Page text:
CURRENT HOURS: CLOSED FOR GENERAL SEASON; OPEN MAY 1, 2018

Happy Birthday, America!

July 4th

July 4th is right around the corner. In 2014, we have picnics and parades on July 4th. Why? On July 4th in the year 1776, the United States of America decided to be a free country! July 4th is kind of like America’s birthday! At Living History Farms, we show guests how people lived a long time ago. In Walnut Hill town, the year is 1875. That is a long time ago, too. Do you think people had a party on July 4th then?

Yes! In 1875, people loved to have picnics and parades on July 4th! We know people had parties because they wrote about them. In Red Oak, Iowa, the newspaper wrote about the town’s July 4th party. There was a parade, a picnic lunch, speeches, bands and singers, a hot air balloon and even fireworks! The parade had more than 12 wagons pulled by horses. People in the parade wore costumes to pretend they lived in 1776. Their parade might have looked a little bit like this one at Living History Farms!

paradeparadeparade

July 4th is America’s birthday. In 1875, our country was almost 100 years old! Turning 100 years old is a pretty special birthday! A special birthday needs a special birthday cake. Our museum guides found a recipe in a 1870s cookbook for that cake.

cake

This colorful cake is called a National Cake. It has three parts or layers. Each part is made of colored sugar—a red part, a white part, and a blue part!

A woman in 1875 had to mix her cake from flour, eggs and butter. She did not have boxed cake mixes.

CakeInstead, she had to follow a recipe and measure out each ingredient. She could buy fancy things for her cake, like food colors and flavorings, at a General Store or a Drug Store. Old recipes can be tricky. To bake a National Cake, our guide found all the ingredients and brought them to the table. See the red and blue sugars!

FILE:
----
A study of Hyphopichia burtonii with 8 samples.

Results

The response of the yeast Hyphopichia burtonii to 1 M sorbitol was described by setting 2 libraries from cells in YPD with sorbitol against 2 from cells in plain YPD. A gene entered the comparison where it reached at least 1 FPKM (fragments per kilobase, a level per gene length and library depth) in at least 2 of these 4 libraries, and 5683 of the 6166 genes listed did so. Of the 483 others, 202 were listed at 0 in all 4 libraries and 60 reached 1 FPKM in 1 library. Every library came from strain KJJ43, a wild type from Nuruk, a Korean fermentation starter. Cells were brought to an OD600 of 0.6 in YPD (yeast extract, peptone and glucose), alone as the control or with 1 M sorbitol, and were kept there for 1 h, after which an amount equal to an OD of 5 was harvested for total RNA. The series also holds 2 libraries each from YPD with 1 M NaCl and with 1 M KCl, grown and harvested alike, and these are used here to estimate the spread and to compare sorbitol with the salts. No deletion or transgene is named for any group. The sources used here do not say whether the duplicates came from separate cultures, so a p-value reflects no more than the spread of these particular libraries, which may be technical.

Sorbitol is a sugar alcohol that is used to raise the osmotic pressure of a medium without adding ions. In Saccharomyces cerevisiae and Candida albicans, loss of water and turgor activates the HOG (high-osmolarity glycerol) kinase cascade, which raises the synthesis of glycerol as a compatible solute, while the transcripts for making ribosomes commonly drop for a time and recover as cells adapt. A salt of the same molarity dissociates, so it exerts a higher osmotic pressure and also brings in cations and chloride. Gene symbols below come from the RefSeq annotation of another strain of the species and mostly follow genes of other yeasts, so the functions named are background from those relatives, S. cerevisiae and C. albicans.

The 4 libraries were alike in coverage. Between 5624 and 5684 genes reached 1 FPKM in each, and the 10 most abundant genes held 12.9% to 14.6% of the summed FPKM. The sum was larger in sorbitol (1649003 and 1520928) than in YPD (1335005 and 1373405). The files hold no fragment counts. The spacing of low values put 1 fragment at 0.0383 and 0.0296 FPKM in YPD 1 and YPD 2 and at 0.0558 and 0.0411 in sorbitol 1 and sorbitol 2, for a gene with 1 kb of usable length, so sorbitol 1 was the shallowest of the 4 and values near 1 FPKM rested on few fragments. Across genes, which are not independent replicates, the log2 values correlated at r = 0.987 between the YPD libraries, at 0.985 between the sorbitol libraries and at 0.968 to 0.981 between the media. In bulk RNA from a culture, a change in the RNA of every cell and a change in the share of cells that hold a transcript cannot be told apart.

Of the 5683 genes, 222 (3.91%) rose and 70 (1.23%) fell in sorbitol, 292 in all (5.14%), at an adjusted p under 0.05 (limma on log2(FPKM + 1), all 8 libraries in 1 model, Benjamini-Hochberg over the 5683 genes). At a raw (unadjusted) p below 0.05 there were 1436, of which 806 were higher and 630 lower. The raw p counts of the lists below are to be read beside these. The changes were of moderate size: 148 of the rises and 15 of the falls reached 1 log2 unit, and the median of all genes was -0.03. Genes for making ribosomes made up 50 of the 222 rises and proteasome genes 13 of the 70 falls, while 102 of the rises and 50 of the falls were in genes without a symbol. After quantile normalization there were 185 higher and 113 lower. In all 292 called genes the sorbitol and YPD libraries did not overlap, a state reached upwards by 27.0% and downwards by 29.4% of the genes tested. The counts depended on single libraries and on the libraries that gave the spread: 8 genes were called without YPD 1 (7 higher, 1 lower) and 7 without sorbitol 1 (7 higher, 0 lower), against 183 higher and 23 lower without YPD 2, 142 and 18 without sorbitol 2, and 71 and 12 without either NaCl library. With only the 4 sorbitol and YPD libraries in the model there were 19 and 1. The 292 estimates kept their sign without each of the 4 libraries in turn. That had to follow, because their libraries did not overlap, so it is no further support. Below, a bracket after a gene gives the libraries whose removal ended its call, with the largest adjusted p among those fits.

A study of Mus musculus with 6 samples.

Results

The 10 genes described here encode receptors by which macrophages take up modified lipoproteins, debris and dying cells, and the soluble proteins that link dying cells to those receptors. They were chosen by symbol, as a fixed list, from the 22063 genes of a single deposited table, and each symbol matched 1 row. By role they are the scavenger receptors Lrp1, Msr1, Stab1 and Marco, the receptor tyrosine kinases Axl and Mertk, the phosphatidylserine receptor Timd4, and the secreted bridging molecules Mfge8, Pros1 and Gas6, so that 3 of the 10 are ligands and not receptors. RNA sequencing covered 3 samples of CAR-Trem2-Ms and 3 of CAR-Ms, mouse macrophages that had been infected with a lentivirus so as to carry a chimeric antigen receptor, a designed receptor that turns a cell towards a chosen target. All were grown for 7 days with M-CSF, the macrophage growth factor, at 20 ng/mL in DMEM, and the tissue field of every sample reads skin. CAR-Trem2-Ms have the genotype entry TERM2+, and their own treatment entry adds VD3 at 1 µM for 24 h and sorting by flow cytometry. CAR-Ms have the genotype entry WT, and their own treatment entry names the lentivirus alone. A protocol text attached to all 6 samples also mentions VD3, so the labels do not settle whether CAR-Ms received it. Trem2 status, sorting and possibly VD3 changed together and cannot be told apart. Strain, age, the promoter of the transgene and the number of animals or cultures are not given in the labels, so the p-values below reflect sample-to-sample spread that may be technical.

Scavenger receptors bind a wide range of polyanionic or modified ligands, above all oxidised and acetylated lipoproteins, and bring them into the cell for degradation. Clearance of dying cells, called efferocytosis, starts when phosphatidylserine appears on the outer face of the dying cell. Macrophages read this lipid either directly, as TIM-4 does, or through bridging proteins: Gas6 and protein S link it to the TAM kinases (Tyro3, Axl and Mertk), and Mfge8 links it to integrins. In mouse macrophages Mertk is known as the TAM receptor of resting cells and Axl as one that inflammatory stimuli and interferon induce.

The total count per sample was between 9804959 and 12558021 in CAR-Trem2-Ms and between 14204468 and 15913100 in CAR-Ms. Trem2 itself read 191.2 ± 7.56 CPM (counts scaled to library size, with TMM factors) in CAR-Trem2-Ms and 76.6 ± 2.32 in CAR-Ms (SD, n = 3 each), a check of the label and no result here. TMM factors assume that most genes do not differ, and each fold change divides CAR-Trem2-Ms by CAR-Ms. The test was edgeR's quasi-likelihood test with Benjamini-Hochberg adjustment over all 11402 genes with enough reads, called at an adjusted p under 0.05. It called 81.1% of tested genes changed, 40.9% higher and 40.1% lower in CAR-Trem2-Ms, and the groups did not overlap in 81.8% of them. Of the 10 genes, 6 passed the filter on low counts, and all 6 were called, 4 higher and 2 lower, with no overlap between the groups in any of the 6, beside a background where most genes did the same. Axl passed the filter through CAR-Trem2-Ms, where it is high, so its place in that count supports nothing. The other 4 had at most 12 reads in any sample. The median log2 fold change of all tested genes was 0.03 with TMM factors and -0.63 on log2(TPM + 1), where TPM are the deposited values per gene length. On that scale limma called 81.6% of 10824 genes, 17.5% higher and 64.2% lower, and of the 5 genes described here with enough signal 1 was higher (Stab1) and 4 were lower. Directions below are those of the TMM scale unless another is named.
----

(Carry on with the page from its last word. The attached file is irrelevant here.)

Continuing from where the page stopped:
ingredients

The recipe says to mix each colored part in a different bowl. The red and blue parts use the colored sugar. The white part has lemon flavor in it, but no colors. No electric mixers here! A cook mixed the batter with a wooden spoon.

colored cake batter Each batter is cooked in a separate pan in the wood-burning stove. After the parts are baked and cooled, the cook can put the layers together. Our museum guide, Lucy even made a sweet frosting to go on top! A great cake for a July 4th picnic!cake

Caregivers: Living History Farms is open from 9 am to 4 pm on July 4th for great family fun. Games such as watermelon seed spitting, pie eating, and gunny sack races begin at 11 am. The parade begins at 2 pm followed by a historic baseball game. Families can bring their own picnic lunch or buy a boxed lunch at the museum. See the day’s full schedule of events on our website here: www.LivingHistoryFarms.org/Fourth

If you would like to make a red, white, and blue cake for your July 4th picnic, you can use our historic recipe below. But you can also mix a modern box cake batter, then divide it equally into three bowls. Place a few drops of red and blue food coloring in two of the bowls. Bake each layer in a separate pan, cool, and stack. OR you can layer the batters 1 or 2 tablespoons at a time into cupcake pans for individual National Cakes!

The original recipe for National Cake is this:

White Part: Cream 1 cup white sugar and 1/2 cup butter, then add 1/2 cup sweet milk, then beaten whites of 4 eggs, 1/2 cup corn starch, 1 cup of flour into which has been mixed 1 teaspoonful of cream of tartar and 1/2 teaspoonful of soda. Flavor with 1 teaspoon lemon extract.

Blue Part: Cream 1 cup blue sugar and 1/2 cup butter then add 1/2 cup sweet milk, then beaten whites of 4 eggs and 2 cups flour into which mix 1 teaspoonful of cream of tartar and 1/2 teaspoonful of soda. No flavor added.

Red Part: Cream together 1 cup red sugar and 1/2 cup butter, then add 1/2 cup sweet milk, then beaten whites of 4 eggs and 2 cups of flour into which mix 1/2 teaspoonful of cream of tartar and 1/2 teaspoonful of soda. No flavor added.

Place each color in a separate bake pan. First red, then white, and last blue. Bake in a moderate oven (350 degrees) until done. (Ours in the woodstove took 30 minutes, when done in 3 pans).

If you do not like lemon flavoring, you can use vanilla extract instead.